Just two weeks ago, the first case of Ebola in the United States had been confirmed. My Commentary at the time reflected my belief that our nation’s colleges and universities needed to exercise “an abundance of caution” in their reaction to this entry of Ebola to our country. Universities and colleges not only host large numbers of functions where large numbers of people come together in close proximity – concerts, athletic events and the like – but they are also places which welcome thousands of West African visitors – students and faculty – from the very countries at the center of the Ebola outbreak. They also participate in international study programs where their faculty and students visit – often for prolonged periods of time – these very countries. As I stated at the time, I was very concerned by the apparent lack of rigorous protocols for prevention and management at most universities and, perhaps worse, the feeling expressed by many student health professionals that the chance of an outbreak is so low in the U.S. that more aggressive responses are not, at the moment, really necessary.

Now, two weeks later, the first Ebola patient has died, and two more cases of this often fatal disease have been documented, both health care workers caring for the Ebola victim in Dallas. As facts emerge about these two cases, I become increasingly convinced that our nation’s colleges and universities – indeed, our country as a whole – must begin to exercise the “abundance of caution” so frequently cited as necessary by our public health officials, but not, in my opinion, as yet practiced. I would submit that the time is now for the selection of and rigorous training in the protocols to be utilized for Ebola prevention and management. The time is now to move from “recommendations” to “requirements” in terms of travel and the monitoring of those found to have had possible contact with anyone exposed to the virus - either here, or abroad.

The reaction to this Ebola outbreak runs the gamut from “Fearbola” to complacency, neither of which will help us address the issues at hand. We cannot afford to be paralyzed by irrational fears or slow to respond due to false feelings of security given that Ebola, as lethal as it is, is not easily transmitted. The implementation of best practices is critically needed at our nation’s colleges and universities given the increased risk at these institutions. For instance, while the University at Buffalo has a protocol in place, it may well be insufficient. Students from Guinea, Liberia and Sierra Leone were screened 14 days after arrival and then pronounced healthy with no need for further follow up, despite the well-known 21-day incubation period of the virus. In terms of faculty and staff traveling to these countries, the CDC recommends “self-monitoring” for 21 days for any sign of disease. At the University at Albany they put it this way, “The only thing we can do is plead for people to be personally responsible.” Perhaps we need to be more aggressive and, like the University of North Texas, “require,” not “request,” that all official travel to these three West African countries be suspended. Such program and travel restrictions are, in my opinion, both necessary and acceptable in the face of the risks involved for the individual and the countless others to whom they may transmit this disease.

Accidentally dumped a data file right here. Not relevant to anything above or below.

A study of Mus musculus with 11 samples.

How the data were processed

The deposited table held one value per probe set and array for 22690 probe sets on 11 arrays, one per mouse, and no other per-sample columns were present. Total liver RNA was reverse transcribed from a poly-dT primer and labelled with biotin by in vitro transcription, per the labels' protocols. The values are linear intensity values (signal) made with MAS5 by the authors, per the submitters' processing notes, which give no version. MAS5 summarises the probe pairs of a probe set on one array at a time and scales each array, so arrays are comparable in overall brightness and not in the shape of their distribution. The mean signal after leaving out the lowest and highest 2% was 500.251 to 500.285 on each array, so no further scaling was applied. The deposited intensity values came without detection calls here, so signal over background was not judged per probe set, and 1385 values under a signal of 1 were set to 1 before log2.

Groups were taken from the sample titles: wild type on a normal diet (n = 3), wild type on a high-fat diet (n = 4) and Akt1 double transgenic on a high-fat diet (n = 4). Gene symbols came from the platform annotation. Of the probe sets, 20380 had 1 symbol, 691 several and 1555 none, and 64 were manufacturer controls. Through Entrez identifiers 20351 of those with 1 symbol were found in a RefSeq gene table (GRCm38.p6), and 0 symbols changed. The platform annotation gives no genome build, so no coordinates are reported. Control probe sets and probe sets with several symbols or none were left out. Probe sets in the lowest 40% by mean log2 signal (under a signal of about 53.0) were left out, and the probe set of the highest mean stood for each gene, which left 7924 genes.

The time, I feel, is now to be aggressive in our prevention and management strategies. People on the front lines need to be trained and practiced in the protocols necessary to deal safely with this virulent virus. Staff at universities and colleges should have effective protocols in place now to identify those students and faculty who may have been exposed to the virus, as well as rigorous policies in place to minimize the risk of exposure, policies like the suspension of student and faculty exchanges to the affected countries. Surveillance and contact tracing, isolation and quarantine and travel restrictions – all used effectively in the SARS outbreak – do impact on critically-important values like privacy, liberty and freedom of movement. we have to deal with the question of how we reconcile these critical rights with our responsibility to protect the health and well being of the public. The time is now to deal with such questions and establish consistent, effective and realistic guidelines to stop this Ebola outbreak from spreading world-wide. Yes, the time is now.

Dr. Karen Hitchcock, Special Advisor in the consulting firm, Park Strategies, LLC, was President of the University at Albany, State University of New York, from 1996-2004, after which she went on to lead Queen’s University in Kingston, Ontario, Canada. Dr. Hitchcock has received honorary degrees from Albany Medical College and from her alma mater, St. Lawrence University. She has served on numerous regional and national committees and task forces dealing with issues in higher education, research and economic development. While at both the University at Albany and Queen’s University, she co-hosted the popular WAMC program, “The Best of our Knowledge”.


The views expressed by commentators are solely those of the authors, and do not necessarily reflect the views of this station or its management.